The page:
Book Type: Softcover
Publisher: Houghton Mifflin Harcourt
Age Range: Young Adult
Publication Date: April 12, 2010
Amy, a sixteen-year-old recovering from an abusive relationship, moves to the country to start a new life with her aunt–all she wants is for everything to be different. In the clearing at the back of Aunt Mae’s property, she makes an amazing discovery Henry, a boy stuck in the endless summer of 1944. Henry and his world become Amy’s refuge and she begins to learn that some moments are worth savoring. But when the past and present come crashing together, both of them must find the courage to face what is meant to be, even if it means losing each other forever.
If I could describe The Clearing with just one phrase it would be: A Huge Disappointment. The Clearing narrates the story of Amy and Henry in their respective POV. Amy just moved to a small town with her aunt after going through a dysfunctional relationship while Henry has been living an endless summer for 66 years. Even though the novel is well written there are certain aspects that are worked in a very simplistic way for my taste, and I explain:
*Disclaimer: There could be some spoilers.
Character’s Voices: Jumping POVs between Amy and Henry was not very distinctive as a reader I couldn’t find that unique element which defines each character’s voices.
Amy’s Conflict: Amy’s strife to end the vicious cycle she was involved with her ex boyfriend was not so credible: she was “afraid” of spending time with Jackson, but on the other hand, she was not afraid going to inhabited clearings at random hours to meet some unknown boy. This is one of the aspects that ruined the story for me considering Jackson is one of the best characters in the story and it was sad seeing how Amy took him for granted to the point of ruining special occasions without thinking about Jackson feelings. It’s even funnier that Jackson was always willing to come back for more rejection.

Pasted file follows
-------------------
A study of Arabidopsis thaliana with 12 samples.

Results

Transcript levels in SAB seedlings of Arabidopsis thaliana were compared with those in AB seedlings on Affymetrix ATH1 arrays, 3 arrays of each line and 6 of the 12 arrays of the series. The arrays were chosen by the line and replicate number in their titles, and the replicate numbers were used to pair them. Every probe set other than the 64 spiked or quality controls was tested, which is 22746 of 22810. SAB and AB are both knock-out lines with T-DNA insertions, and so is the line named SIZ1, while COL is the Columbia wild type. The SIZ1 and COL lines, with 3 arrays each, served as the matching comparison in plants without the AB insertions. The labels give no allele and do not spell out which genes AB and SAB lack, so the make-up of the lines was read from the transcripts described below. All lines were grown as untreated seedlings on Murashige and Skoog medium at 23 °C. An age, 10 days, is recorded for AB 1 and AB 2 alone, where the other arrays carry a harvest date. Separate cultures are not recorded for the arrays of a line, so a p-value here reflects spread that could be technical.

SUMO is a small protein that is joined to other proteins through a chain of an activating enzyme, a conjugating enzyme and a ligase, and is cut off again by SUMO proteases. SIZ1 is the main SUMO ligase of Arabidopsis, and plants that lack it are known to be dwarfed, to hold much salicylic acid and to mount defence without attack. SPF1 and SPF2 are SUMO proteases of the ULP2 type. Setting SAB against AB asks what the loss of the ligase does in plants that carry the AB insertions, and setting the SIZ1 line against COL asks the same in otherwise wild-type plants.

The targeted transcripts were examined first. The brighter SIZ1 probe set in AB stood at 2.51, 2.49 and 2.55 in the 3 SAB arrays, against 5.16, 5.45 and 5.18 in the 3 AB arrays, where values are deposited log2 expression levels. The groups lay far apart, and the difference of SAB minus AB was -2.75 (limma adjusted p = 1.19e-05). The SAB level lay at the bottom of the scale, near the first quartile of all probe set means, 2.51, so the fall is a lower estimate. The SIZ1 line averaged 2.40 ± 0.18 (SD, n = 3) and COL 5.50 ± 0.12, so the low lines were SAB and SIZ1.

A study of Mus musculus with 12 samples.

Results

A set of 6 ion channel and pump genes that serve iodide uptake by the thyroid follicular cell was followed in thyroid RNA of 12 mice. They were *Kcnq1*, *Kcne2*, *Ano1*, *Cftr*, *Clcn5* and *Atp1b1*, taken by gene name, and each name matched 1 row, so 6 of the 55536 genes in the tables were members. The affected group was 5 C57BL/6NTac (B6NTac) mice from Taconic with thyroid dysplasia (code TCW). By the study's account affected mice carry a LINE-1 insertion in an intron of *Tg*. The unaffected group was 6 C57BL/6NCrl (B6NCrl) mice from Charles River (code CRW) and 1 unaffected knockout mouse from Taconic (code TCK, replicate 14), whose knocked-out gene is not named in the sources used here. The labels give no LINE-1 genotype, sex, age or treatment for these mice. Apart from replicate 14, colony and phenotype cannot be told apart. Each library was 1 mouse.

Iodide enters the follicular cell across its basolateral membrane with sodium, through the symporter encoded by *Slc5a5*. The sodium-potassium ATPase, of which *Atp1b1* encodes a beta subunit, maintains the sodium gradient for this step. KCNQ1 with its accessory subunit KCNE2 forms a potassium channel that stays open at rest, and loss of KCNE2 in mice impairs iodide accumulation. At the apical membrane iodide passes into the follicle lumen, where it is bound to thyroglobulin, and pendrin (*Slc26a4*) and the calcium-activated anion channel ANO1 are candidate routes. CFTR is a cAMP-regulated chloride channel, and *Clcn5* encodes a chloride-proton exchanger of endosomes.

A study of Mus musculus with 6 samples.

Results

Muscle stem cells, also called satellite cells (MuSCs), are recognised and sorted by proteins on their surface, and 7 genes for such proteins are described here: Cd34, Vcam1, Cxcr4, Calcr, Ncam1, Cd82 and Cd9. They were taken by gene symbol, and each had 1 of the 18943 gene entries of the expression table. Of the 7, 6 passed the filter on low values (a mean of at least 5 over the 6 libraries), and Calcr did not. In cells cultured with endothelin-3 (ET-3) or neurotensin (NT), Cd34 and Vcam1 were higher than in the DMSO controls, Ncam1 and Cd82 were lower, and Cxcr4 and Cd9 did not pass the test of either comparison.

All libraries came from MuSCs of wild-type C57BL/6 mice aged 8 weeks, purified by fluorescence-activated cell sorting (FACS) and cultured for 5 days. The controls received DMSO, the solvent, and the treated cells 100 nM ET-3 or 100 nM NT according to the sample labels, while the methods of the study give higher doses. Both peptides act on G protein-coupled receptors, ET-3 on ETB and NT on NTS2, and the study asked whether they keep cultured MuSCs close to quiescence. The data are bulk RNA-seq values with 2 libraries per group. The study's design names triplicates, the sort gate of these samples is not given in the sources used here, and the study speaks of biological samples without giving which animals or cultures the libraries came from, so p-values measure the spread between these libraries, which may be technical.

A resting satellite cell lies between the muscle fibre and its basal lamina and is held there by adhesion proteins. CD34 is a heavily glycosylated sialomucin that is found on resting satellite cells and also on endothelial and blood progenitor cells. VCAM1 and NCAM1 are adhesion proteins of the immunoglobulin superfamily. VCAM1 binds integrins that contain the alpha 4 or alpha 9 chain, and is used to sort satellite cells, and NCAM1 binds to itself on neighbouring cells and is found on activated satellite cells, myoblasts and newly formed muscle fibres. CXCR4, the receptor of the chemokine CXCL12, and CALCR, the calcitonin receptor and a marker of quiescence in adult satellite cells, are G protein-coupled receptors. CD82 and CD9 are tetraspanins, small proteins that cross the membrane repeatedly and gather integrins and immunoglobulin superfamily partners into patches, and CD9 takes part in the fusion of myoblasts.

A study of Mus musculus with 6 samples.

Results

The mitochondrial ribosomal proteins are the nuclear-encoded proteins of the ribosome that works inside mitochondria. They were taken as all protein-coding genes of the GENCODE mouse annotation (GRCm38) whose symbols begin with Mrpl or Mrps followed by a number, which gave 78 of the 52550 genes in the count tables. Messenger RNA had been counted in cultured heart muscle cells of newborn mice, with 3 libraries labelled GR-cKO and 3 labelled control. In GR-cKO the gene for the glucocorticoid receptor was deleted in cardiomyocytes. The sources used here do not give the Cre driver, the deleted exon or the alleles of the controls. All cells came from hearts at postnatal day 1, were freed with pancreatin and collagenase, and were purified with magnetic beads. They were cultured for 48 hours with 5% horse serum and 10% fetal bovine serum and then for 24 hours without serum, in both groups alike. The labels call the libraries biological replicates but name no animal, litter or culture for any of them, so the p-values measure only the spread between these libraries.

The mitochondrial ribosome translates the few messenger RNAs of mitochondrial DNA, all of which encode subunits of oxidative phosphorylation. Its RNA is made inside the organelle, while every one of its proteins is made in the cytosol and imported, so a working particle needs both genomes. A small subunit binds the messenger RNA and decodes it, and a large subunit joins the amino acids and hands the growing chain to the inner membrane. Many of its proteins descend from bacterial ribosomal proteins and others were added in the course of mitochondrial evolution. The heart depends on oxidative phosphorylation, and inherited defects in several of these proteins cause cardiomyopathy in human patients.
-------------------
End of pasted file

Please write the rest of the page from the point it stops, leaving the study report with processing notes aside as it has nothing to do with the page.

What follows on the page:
Time Traveling and World Building: Time Traveling characteristics of the story are a mystery for me and though I admire Davis originality in such aspect, I would have liked more elaboration on the matter. Not having Henry’s family noticing they’ve been living the same day for 66 years makes it a very superficially elaborated idea without any deep element.
My favorite characters are Jackson and Mae. Both have the spark of being those who love unconditionally. The most meaningful part for me is when Henry understands that he needed to move FW for good or worse. Sadly, even though the end is cute, it was a little hard to believe. I could not understand how just one unmeaning action in the past could change Amy’s life, her story “future” present 180 degrees. The end seems drastic but it appears to be open to possibilities for a second. If The Clearing would have been developed in its full potential, it would have been a hit for me sadly it wasn’t.